It wasn’t reading the classics that convinced me to become a writer. My gateway drug to the world of letters was zines—cheap, photocopied, self-published magazines filled with their authors’ reflections on the world.
Over twenty years later I still remember some of the first zines I read in the early 1990s. There was Saucy, a thick zine from Cornwall featuring interviews with bands. There was a bilingual political zine from Hull, titled Moo in English and Meuh in French, where I first read about vegetarianism. And there wasDesign 816, full of personal essays, which I picked up when the author was visiting Ottawa from Chicago.
Coming home after school, I often found the mailbox at my parents’ house filled with literary treasures in envelopes from faraway postmarks. The zines I read covered many topics: political polemics, music, food, train-hopping, feminism, secret histories, and intimate personal narratives from the underground. I devoured them all, but I was particularly drawn to those telling true stories from the author’s life. In the pages of Cometbus, Doris, Scam, and I’m Johnny and I Don’t Give a Fuck I found compelling narrative voices that I deeply related to. Reading them felt like getting a letter from a close friend. I had tapped into a vibrant community of punk writers who crafted great stories and then cut and pasted their work together, photocopied it, and released it with no thought of gaining attention from the world of mainstream literature. These were my first literary heroes. In a time before our current memoir boom, they wrote honest and true stories full of grit and heart.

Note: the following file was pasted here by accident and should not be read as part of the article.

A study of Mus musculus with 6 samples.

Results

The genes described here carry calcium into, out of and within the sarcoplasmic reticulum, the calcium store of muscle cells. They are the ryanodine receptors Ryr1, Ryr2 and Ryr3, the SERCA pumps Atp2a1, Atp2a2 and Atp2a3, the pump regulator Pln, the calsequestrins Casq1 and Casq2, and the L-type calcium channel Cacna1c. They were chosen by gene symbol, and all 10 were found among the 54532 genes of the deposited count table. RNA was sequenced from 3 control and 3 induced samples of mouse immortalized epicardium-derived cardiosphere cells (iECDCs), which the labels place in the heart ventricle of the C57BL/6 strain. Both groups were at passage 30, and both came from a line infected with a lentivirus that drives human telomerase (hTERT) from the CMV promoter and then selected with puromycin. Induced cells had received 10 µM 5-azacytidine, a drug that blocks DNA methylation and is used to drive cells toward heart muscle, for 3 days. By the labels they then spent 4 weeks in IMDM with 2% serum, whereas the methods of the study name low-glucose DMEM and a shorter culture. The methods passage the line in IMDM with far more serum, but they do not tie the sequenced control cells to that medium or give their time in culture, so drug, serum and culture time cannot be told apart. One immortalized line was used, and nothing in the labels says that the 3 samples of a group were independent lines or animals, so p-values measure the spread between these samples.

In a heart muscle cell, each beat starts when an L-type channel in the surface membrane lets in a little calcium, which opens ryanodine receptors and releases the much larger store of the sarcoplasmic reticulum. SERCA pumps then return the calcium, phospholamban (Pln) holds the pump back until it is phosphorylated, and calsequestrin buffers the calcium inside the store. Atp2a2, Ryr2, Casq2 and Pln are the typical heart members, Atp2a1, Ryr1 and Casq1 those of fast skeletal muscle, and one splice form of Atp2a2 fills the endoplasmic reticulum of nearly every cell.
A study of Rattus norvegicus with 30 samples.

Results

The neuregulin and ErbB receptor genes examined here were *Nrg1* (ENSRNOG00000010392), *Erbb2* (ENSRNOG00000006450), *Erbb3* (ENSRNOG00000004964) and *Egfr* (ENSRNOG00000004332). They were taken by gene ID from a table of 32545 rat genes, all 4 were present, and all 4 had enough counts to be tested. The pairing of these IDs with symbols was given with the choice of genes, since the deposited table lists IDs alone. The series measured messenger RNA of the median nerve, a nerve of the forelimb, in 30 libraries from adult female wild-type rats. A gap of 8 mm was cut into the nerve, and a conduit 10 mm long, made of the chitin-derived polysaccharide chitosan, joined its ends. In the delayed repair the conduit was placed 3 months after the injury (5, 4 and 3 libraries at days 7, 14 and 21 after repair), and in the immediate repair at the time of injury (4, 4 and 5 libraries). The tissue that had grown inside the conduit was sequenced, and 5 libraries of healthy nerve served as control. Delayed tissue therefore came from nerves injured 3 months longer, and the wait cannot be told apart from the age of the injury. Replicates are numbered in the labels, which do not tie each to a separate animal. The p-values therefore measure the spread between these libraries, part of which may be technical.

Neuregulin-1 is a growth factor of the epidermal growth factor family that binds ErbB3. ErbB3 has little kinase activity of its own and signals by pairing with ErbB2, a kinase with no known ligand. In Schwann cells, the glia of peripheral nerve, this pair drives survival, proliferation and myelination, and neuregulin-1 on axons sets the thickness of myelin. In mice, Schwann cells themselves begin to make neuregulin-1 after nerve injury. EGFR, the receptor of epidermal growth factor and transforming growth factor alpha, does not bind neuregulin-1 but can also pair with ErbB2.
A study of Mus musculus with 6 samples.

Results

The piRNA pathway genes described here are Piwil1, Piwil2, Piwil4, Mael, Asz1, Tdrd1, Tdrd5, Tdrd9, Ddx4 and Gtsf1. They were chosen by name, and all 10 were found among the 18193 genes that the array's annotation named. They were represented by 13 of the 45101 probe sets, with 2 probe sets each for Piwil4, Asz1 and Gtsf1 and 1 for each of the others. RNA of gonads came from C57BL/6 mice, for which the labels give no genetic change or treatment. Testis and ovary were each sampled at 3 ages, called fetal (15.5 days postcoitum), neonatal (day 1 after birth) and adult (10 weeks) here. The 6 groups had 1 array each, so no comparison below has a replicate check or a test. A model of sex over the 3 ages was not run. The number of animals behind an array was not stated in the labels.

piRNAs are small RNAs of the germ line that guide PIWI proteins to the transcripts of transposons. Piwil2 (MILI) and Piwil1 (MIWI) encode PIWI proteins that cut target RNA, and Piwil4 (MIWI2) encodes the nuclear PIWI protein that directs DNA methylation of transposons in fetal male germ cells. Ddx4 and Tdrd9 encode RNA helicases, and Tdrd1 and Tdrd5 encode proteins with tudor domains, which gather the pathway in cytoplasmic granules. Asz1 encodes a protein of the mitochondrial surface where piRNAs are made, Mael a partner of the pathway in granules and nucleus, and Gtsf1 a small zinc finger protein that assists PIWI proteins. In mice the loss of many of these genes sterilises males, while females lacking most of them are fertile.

I instantly wanted to make a zine and the democratic nature of the form made me feel that I could do it. Reading other zines gave me a model for how I might write my own stories and get them out into the world. I also voraciously read contemporary novels as a teenager, but unlike those books—perfect works with no typos or evidence of the human hand that made them—zines convinced me that I, too, could be a writer. The status of zines as unofficial publications in a time of media conglomeration made the prospect of publishing one even more entrancing. Zines were secret, precious, hard to obtain. This, along with their tactility, made them almost magical objects, even as I tattered them with frequent re-reading.
Jeff Miller has written the zine Ghost Pine since 1996. In 2010, the best stories from the zine were published as Ghost Pine: All Stories True (Invisible Publishing). His creative non-fiction and cultural journalism also appear in a number of anthologies and periodicals. He will be a CALQ Writer-in-Residence at the Banff Centre in February-March 2016.